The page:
The Boston Celtics are expected to announce Monday that they will send the No. 1 overall pick in Thursday’s NBA draft to the Philadelphia 76ers in exchange for this year’s third overall pick and a protected 2018 first-round pick from the Los Angeles Lakers.

A team source confirmed that the Celtics will get that Lakers pick if it falls between Nos. 2-5. Otherwise, the Celtics would get Sacramento’s first-round pick in 2019, which also belongs to the 76ers.

The deal was completed Saturday night when University of Washington point guard Markelle Fultz passed his physical at the 76ers training facility in Camden, New Jersey.

The Celtics, who reportedly are equally enamored with Kansas forward Josh Jackson and Duke forward Jayson Tatum, are still attempting to schedule workouts. Jackson thus far has refused to work out for the Celtics, though he has visited twice with the Lakers, who own the second overall pick.

Talks between Celtics President Danny Ainge and 76ers General Manager Bryan Colangelo progressed rapidly late last week, with 76ers management reportedly putting higher value on Fultz than the Celtics.

Though the Celtics valued Fultz’s overall potential as a lead scorer who can fit in with Isaiah Thomas better than all the other backcourt talent in a draft heavy with point guards, they may value the 6-foot-8 Jackson more for his two-way potential.

Jackson is an athletic swing forward who most believe eventually will be able to play both forward positions in the NBA.

Jackson also projects as a high-level defender who can guard multiple positions. His offensive ability is in a more nascent stage than Fultz’s repertoire, but Jackson is expected eventually to emerge as a floor-stretching threat as well.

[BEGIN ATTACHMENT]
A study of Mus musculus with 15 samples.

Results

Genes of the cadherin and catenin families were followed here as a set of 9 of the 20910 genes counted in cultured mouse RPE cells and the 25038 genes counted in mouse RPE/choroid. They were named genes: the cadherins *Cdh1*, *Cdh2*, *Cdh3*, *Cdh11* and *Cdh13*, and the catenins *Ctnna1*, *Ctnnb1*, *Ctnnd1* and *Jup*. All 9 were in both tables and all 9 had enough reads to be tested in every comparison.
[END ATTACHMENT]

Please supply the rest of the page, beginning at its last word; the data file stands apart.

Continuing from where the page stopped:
Tatum is versatile offensive player who also can play both forward positions.

The Lakers have been widely considered the landing spot for UCLA point guard Lonzo Ball.

Multiple reports, however, suggest a division in Lakers management between their preference for Ball or Jackson.

Fultz has followed a hectic workout schedule.

He worked out for the Lakers three days ago as a follow-up to his Celtics workout, apparently getting enough rest from his right knee injury that caused him to miss five of his last seven games for the Huskies.

“My knee is great. It was just a situation where I had stuff going on in my knee and I took care of it,” he said Saturday.

“It’s been crazy, man, just knowing that the draft is a couple of days away. Unbelievable. I’m just anxious to get to that day, know where I’m going, so I can fully invest into it.”

Philadelphia worked out Kentucky point guard De’Aaron Fox earlier Saturday. On the surface, Fox would have suited the playmaker-starved 76ers nicely.

But management repeatedly has said the team’s point guard of the future is 6-foot-10 Ben Simmons, who will be a rookie next season after missing last season because of a foot injury.

Fox, like UCLA’s Ball, has refused to work out for the Celtics, both players citing their overloaded point guard situation as the reason.